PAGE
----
This study compared length of stay, hospital costs, 30-day readmission, and mortality for patients admitted primarily for osteoporotic fractures to those admitted for five other common health conditions. The results indicated that osteoporotic fractures were associated with highest hospital charges and the second highest hospital stay after adjusting for confounders.
Introduction: This study aimed to compare the effect of osteoporotic fractures and other common hospitalized conditions in both men and women age 55 years and older on a large in-patient sample.
Methods: De-identified patient level and readmission and transfer data from the Virginia Health Information (VHI) system for 2008 through 2014 were merged. Logistic regression models were used to assess mortality and 30-day readmission, while generalized linear models were fitted to assess LOS and hospital charges.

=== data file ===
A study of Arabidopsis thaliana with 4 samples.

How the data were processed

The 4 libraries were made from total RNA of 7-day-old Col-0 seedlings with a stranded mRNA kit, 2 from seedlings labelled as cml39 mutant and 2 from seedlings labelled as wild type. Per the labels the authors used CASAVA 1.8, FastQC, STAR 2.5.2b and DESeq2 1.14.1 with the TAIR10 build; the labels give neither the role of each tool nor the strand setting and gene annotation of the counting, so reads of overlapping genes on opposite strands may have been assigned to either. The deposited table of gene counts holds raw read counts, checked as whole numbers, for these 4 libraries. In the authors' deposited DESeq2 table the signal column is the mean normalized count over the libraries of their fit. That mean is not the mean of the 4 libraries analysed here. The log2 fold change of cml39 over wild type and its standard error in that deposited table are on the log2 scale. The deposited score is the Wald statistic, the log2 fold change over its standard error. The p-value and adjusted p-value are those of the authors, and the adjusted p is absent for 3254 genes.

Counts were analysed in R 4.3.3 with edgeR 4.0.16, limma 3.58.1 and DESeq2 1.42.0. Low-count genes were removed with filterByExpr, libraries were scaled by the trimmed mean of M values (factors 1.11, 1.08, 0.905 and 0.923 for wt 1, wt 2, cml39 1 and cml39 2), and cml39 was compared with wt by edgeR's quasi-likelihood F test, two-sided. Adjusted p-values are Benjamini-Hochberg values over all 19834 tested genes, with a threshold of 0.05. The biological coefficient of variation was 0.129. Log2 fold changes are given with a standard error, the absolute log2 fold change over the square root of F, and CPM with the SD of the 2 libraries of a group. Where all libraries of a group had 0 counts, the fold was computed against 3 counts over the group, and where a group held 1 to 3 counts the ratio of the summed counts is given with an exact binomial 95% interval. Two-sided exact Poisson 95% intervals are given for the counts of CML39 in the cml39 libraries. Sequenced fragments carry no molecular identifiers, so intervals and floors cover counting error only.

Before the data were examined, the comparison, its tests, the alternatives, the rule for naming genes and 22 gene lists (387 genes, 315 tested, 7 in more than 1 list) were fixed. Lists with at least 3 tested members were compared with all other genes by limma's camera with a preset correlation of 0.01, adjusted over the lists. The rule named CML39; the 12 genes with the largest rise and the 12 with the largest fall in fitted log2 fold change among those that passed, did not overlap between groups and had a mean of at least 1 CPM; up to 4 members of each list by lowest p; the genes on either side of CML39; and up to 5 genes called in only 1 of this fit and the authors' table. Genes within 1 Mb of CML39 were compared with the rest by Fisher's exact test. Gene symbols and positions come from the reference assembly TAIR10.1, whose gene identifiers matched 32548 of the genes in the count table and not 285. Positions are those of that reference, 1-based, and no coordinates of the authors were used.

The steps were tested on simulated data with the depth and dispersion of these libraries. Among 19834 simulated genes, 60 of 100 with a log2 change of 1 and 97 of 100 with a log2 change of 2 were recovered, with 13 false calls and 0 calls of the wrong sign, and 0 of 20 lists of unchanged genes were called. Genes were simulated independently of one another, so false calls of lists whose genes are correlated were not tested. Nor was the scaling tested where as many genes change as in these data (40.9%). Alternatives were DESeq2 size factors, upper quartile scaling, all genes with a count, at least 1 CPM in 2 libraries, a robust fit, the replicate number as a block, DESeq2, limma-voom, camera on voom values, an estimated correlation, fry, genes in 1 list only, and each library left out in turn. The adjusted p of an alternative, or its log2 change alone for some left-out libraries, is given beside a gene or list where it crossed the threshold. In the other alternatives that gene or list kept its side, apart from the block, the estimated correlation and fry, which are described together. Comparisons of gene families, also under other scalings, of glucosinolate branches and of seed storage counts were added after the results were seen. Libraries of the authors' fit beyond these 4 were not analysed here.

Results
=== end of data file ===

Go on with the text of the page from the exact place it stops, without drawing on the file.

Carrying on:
Results: After adjustment for confounders, osteoporotic fractures had the second longest LOS (6.0 days, 95 % CI = 5.9-6.0) and the highest average total hospital charges ($47,386.0, 95 % CI = $46,707.0-$48,074.0) compared to the other five common health problems.
Conclusion: Recognizing risk and susceptibility to osteoporotic fractures is an important motivator for individual behaviors that mitigate this disease. Furthermore, acknowledging the economic impact and disabling burden of osteoporotic fractures on society are compelling reasons to promote bone health as well as to prevent, diagnose, and manage osteoporosis.
Keywords: Hospitalizations; Length of stay; Mortality; Older adults; Osteoporosis; Osteoporotic fractures; Readmission.